Over 100 participants followed GLOCON’s second international symposium with the title “Global Crises and Conflicts over Resources” on 8th and 9th February 2018. In 15 contributions on four thematic panels, the keynote speech by Shalini Randeria and the concluding remarks by Ulrich Brand, the relation between global crises and worldwide resource conflicts were debated.
News from Feb 28, 2018
In her keynote, Shalini Randeria (podcast) emphasised that extensive land privatisation in India is not only undertaken for mining or agriculture, but also for the expansion of industry and the modernisation of cities. In India, mainly national companies invest in land. Only rarely do they pursue productive purposes, that is, few new jobs or income possibilities are generated for the rural population. Instead, the former land users are confronted with evictions and the impoverishment. Randeria mentioned the pro-business policies of the Indian state as a decisive factor for wide-ranging privatisation of land in India. According to her, the state profits from the revenues of land sales as well as the issuing of mining licenses and pursues a growth-oriented development policy favouring mainly the private sector. Furthermore, Randeria highlighted the ambivalent role of the law in conflicts over resources. Referring to the current discussions in India on the concept of accumulation by dispossession, she underlined that transformations of urban and rural spaces in the context of global crises are always subject to political enforcement and are not primarily or solely the consequence of market processes.
During the symposium, the relation of global crises and conflicts over resources was debated in four thematic panels. In the panel “Linking conflicts and global crises: theories and concepts”, the focus lay on the epistemological value of various theoretical approaches for the analysis of conflicts over resources. It was addressed what Critical Agrarian Studies, postcolonial studies, a relational perspective as well as the concepts scale and frontier contribute to the analysis of the connections between global crises and conflicts over resources.
The role of state actors in resource conflicts was debated in the panel “The role of the state in conflicts over resources”. A theoretical presentation on the historical-materialist understanding of the state was followed by an ethnographic perspective on state actors in Brazil, as well as by a sociological-feminist view on the role of the state in conflicts over water in Chile. The subsequent debate centred around the question how actors, practices, discourse and the material structure of the state relate and in how far a combination of the theoretical perspectives could be of value.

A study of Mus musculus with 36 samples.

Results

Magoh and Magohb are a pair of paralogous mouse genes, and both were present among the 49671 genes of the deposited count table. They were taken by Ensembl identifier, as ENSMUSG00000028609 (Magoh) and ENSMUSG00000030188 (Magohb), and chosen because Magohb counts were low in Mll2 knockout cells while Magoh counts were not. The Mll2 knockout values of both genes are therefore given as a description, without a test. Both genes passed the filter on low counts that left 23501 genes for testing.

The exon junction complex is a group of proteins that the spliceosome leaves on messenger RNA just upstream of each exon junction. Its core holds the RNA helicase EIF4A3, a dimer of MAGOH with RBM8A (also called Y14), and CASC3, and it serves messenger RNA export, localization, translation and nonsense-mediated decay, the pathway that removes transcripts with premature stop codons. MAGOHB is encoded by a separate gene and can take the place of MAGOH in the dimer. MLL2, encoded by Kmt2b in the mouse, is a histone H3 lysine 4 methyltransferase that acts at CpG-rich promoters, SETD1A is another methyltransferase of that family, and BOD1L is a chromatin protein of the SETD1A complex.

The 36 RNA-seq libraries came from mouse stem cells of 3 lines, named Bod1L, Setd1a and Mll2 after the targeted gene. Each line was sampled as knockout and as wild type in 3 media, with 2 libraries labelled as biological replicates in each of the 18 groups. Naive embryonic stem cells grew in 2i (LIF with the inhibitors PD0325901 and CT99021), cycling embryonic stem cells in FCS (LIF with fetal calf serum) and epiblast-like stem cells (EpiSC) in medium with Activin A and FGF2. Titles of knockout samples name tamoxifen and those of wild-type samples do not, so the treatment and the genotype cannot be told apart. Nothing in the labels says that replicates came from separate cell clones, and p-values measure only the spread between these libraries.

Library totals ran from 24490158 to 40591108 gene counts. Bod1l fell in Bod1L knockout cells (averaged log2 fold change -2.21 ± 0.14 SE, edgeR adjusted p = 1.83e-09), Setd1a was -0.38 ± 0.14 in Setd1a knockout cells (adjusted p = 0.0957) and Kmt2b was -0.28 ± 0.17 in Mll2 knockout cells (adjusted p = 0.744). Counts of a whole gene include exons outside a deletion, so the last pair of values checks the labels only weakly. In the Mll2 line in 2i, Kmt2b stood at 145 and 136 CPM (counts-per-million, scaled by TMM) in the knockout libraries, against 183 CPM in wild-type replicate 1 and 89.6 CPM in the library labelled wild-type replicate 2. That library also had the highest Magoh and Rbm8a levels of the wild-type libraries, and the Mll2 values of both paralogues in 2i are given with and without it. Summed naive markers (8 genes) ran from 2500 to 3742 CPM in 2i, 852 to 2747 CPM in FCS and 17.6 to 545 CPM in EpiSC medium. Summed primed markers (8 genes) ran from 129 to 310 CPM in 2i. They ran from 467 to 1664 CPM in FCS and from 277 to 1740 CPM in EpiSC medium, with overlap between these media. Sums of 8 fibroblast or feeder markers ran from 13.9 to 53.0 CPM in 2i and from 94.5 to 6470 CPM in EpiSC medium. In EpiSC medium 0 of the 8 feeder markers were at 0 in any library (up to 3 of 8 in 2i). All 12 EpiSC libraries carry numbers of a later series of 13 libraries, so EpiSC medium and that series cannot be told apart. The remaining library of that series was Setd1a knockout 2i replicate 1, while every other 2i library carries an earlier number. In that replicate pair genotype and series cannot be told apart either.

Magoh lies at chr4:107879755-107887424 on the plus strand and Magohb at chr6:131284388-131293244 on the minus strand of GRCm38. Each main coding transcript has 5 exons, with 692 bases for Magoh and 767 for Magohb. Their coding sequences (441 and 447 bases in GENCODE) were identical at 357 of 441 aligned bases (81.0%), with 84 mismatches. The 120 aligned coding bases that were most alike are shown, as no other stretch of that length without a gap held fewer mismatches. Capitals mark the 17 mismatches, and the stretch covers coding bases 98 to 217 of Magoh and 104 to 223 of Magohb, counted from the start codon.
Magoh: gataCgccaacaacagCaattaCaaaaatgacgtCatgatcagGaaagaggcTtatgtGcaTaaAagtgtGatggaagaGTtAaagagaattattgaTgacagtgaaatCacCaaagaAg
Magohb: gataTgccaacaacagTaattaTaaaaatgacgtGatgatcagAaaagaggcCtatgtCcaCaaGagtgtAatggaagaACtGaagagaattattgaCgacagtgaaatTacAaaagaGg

The relevance of social relations in conflicts over resources was the focus of the panel “Resources, conflicts and social relations”. The contributions dwelled on the categories gender, class and identity as well as the question in how far a tendency of authoritarian populism in rural regions can be observed.
In the last panel, “Transformation from below”, it was discussed as to how protest actors in conflicts over resources successfully achieve structural transformations in the sense of changing existing power relations and ownership structures. Overarching considerations on the concepts of transformation and land grabbing were raised after contributions on radical democracy practices in mining protests in Columbia, on resistance against austerity policies in Greece as well as on the connections of transnational labour protests and demands of social-ecological transformation. A central question of the panel was how transformation was analytically conceivable without either being optimistic or pessimistic when it comes to possibilities of emancipatory change through struggles.
In the concluding remarks, Ulrich Brand (podcast) reminded of discussions on the relation between “global” and “local”, “from above” and “from below”, “urban” and “rural”, but also between citizenship and property. He called on the theorisation of the concept “crisis” and a differentiation of which of the diverse crises produces which kind of effects and how these effects are reinforced by the intersected crises. Furthermore, Brand proposed to keep in mind the increasing role of technologies as well as imaginations of the future and the envisaged social projects of transformative movements. This also relates to questions concerning positive examples possibly serving as an orientation for emancipatory movements.
Apart from the speakers, numerous academics from different world regions and disciplines participated in the symposium.
We thank all the participants for their extraordinary contributions and interesting discussions.